Math Made Easy: Problem of the Day 37
Today’s problem is straight out of the SAT. Let’s take a look at it.
It really just requires a bit of juggling. First, we need to recognize that slope equals rise over run, and we can find the slope of a line from any two points on the line with the following equation:
And since the slope of this line IS m, we can just plug the points into that equation. It doesn’t matter which one we call point 1 and which we call point 2, as long as we’re consistent, and the y coordinates go on top while the x coordinates go on bottom. Once we do that, we solve. I see that m is both sides of the equation, and to solve for the slope in terms of p, I need to get m on its lonesome on one side of the equation, with everything else on the other. Since it’s in a fraction with p, the first thing I’m going to do is break up that fraction. I see I have a constant in part of it since p/p is just one, and I write it as such.
I then move the 1 to the m side of the equation by adding 1 to both sides. After that, I divide both sides by m so that my m’s and p’s are no longer all mixed up.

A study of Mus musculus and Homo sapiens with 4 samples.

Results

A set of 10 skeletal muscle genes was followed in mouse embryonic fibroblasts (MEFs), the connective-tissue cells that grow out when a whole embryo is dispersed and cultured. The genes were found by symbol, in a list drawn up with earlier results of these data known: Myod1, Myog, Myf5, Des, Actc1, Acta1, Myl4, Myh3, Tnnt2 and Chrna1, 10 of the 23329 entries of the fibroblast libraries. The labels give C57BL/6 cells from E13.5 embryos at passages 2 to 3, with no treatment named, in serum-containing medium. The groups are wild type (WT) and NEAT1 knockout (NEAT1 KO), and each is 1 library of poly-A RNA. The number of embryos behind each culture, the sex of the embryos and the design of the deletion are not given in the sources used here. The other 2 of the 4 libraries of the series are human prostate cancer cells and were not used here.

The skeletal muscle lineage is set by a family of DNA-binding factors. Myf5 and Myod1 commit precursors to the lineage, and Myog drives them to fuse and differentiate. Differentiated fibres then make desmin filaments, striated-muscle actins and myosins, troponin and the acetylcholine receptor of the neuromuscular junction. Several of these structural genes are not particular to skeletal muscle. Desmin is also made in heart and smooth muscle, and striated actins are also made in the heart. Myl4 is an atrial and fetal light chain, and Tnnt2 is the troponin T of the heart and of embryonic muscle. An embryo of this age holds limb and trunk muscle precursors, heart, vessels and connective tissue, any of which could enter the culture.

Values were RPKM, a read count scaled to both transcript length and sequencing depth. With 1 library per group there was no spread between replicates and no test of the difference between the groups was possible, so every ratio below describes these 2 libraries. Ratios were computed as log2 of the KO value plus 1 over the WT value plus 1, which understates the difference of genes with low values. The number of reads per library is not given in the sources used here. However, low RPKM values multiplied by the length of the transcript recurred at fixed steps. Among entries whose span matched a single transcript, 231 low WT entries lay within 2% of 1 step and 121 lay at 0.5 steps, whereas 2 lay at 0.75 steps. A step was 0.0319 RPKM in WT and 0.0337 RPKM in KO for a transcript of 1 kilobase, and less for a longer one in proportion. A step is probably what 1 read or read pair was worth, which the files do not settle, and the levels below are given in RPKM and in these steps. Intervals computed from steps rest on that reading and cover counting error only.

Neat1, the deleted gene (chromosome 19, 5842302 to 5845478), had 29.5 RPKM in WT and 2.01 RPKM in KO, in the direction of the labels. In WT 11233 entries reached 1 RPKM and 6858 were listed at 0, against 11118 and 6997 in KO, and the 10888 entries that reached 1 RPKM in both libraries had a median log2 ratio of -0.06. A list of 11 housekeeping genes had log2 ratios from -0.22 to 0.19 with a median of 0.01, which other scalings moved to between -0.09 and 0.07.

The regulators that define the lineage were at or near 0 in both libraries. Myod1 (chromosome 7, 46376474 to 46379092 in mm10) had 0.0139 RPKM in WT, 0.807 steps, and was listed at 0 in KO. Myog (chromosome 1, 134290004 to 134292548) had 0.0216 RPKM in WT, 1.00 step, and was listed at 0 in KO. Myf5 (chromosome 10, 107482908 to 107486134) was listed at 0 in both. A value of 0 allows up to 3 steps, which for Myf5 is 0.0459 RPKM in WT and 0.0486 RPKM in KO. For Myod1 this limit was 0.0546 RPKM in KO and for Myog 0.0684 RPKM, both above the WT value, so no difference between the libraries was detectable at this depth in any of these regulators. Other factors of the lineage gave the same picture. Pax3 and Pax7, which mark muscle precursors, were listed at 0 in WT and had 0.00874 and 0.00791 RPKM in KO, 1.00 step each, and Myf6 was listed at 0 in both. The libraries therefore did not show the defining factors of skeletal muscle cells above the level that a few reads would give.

I at least have all my variables separated, but m’s not all alone yet. I still have work to do. Just as I broke up the original fraction, I’m going to break up my new fraction, and I again see I have 1 in the form of m/m, so I write it as such.
Then I move the 1 BACK over to the side of the equation with p by subtracting it from both sides of the equation. Well, look at that, m is on its lonesome. BUT, it’s on the bottom of a fraction. That’s no good, but it’s easily resolved by taking the reciprocal of both sides of the equation. Before I can do that, I need to combine the pside into one fraction. I find a common denominator by multiplying 1 by p/p, and add them.
Note that I recognize I could factor that negative sign out of both fractions resulting in a negative fraction but 1 and p being added in the numerator rather than subtracted. Once I have both sides expressed as fractions, I just flip everything (the reciprocal). Lo and behold, after a little bit of creative juggling, we’re done. We have the slope, m, expressed in terms of the variable p.